How the contact cache was won

You say ‘cash’, I say ‘kaysh’

Flickr has a lot of users. A lot. And most of those users have contacts, family, friends; somewhere between none and a bajillion. Or tens of thousands, anyhow. That’s a lot of relationships flying hither and yon, meaning we can’t just cache this stuff on the fly whenever the need strikes us. And strike it did.

Thus, Bo Selecta.

This project was designed to grab up a person’s contacts from anywhere in Flickrspace, and it had to be usable in bits of the site we hadn’t even designed yet. But it also had to not suck, and it had to be fast.

Supafast.

Luckily for us, we have at our disposal a shipping crate in the basement full of terribly clever little robots wearing suitable, fleshy attire and having names like Ross and Paul and Cal.

Walking into the river

As Rossbot has already covered, we spent a lot of time back-and-forthing on how we’d seed this aggregated cache all over the damned place without compromising on speed or our own general sexual attractiveness. Plus, I just wanted to use big words like ‘aggregated’ and ‘seed’.

As I’ve already mentioned above, making this magic happen at request time was not an option, so we turned to our (somewhat) trusty offline tasks system. These tasks munge and purge and generally do all sorts of wonderful data manipulation on boxes separate to the main site, in a generally orderly fashion, and do it in the background.

Offline tasks do it in the background

First up, we needed to work out what data we’d actually want to cache, which ended up being a minimal chunk useful enough for Rossbot to do whatever it is he does with Javascript that makes the ladies throw their panties on stage, and not a single byte more. We ended up with something that looks like this:

You got me.

Oh, you’re a clever one. That’s actually a picture of a fish. We really ended up with something like this:

NSIDaemail@address.comacharacter_nameareal nameaicon serveraicon farmapath aliasais_friendais_familyamagic_dust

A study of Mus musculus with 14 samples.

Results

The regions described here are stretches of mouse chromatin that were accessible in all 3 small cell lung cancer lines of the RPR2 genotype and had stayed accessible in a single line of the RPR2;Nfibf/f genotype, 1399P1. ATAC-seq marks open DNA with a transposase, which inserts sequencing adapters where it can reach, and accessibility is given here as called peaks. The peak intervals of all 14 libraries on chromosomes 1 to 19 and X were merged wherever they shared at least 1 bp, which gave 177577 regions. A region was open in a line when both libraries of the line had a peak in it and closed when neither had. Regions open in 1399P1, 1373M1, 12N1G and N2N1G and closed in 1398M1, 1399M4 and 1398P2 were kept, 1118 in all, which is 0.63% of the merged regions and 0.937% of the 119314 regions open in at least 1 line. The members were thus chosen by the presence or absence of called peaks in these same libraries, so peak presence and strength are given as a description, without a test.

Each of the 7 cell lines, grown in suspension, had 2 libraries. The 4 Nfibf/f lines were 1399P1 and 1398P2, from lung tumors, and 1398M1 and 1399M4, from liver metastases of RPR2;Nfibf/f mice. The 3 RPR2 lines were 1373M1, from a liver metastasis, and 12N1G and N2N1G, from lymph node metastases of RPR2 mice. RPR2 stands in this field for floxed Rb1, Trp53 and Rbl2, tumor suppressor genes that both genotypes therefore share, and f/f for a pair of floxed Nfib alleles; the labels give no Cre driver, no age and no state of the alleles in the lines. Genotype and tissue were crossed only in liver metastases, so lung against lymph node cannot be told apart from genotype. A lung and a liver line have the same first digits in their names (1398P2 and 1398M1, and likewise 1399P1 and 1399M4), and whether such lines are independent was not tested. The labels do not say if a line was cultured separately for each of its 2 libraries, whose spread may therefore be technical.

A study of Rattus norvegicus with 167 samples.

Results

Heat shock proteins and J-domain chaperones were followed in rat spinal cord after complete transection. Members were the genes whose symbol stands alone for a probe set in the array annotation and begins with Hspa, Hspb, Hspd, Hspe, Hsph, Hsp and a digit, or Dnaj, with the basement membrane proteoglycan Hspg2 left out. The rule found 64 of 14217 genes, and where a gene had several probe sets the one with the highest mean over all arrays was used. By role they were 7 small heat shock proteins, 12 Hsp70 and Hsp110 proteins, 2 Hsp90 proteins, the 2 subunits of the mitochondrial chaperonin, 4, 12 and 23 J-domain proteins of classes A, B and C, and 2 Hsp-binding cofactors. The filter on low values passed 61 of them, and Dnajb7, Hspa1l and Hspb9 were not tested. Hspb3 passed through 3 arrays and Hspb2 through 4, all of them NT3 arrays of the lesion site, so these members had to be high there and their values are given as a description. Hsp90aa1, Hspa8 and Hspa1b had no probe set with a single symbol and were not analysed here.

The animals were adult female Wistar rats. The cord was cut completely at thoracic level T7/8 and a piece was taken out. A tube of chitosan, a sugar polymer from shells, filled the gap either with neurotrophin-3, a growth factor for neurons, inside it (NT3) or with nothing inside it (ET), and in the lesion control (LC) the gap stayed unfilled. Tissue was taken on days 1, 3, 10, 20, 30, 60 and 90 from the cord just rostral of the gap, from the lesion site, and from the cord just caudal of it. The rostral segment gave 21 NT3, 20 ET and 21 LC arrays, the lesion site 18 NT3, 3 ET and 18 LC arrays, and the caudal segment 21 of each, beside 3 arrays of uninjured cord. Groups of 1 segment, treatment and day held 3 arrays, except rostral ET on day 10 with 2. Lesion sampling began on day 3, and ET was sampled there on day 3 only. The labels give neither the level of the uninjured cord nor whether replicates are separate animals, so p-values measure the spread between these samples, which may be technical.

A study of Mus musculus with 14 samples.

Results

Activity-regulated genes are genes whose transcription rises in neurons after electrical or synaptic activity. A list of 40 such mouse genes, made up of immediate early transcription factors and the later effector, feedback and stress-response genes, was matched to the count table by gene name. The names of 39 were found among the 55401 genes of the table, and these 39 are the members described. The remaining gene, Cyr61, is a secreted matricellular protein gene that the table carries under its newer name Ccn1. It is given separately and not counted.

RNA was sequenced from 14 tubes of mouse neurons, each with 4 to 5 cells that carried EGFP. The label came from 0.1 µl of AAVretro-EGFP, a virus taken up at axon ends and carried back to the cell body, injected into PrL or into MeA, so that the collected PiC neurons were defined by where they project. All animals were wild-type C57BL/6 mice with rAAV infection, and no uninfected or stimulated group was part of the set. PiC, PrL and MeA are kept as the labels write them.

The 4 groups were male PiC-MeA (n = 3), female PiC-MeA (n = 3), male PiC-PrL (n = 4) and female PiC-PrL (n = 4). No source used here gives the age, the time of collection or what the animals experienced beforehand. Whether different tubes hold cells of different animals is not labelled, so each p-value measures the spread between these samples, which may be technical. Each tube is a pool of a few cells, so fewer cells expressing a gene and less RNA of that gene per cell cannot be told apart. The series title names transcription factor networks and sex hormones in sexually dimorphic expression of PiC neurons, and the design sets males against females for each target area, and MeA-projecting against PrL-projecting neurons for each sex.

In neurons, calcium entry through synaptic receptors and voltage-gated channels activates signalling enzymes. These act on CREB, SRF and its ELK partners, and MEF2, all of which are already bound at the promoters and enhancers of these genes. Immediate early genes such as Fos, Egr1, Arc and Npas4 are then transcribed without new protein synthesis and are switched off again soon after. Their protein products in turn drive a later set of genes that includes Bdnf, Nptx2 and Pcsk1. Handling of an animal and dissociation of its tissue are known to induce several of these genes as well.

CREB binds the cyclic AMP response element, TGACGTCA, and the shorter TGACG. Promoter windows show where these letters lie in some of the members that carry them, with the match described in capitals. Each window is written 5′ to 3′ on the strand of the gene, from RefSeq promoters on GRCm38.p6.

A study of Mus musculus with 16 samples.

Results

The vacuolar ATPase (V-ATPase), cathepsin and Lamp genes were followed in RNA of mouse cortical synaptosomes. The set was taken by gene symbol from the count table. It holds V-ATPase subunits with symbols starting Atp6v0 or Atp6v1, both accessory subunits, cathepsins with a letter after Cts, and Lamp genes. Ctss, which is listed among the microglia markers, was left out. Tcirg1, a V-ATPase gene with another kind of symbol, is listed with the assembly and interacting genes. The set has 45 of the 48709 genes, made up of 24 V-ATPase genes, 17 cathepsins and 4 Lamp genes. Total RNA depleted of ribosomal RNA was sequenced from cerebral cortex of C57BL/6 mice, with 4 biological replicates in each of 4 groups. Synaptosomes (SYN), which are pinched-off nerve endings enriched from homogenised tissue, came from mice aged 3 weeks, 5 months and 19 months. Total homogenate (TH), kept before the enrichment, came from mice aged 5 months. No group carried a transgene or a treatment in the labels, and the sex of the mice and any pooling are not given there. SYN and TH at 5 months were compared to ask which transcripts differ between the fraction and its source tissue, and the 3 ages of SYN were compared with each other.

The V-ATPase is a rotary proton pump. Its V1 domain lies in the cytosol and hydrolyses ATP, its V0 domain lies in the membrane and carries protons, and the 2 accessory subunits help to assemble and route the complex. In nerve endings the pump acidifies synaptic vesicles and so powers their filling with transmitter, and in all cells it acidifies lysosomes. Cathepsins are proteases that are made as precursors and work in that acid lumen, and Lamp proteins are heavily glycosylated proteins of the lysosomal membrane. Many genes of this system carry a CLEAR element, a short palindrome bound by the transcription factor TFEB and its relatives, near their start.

Thus, we’re generating a bunch of contact data separated by designated control characters, and ultimately stored in a TEXT field in a database. The first time your cache is built, we actually walk your entire contact list and generate one of these chunks for each person you’re affiliated with. On subsequent updates, we use a bit of regular expression hoohah pixie dust to only change the necessary details from individuals, and write those changes back to the DB.

Big ups to Mylesbot for his help with making these tasks as efficient and as well-oiled as he is.

Speaking of updates, clearly we have to make sure we catch any changes you or your contacts make, so we have various spots around the site that fire off these offline tasks – when you update your various profile details, when you pick a named URL on Flickr for the first time, or when change your relationship with someone.

These updates have been carefully honed to work in the context of what’s changing – again, to squeeze out as much speed as we can. F’instance, there’s no need for us to tell all of your contacts that your relationship with SexyBabe43 has progressed to ‘Friend’. Unless that’s your sort of thing, but really, let’s leave that as an exercise for the reader.

All of this attention to detail has ultimately helped us eck out as much speed as possible. Seeing a theme here? So any time you’re sending a Flickrmail, searching for a contact or sharing a photo, think of the robots, and smile that secret little smile of yours, knowingly.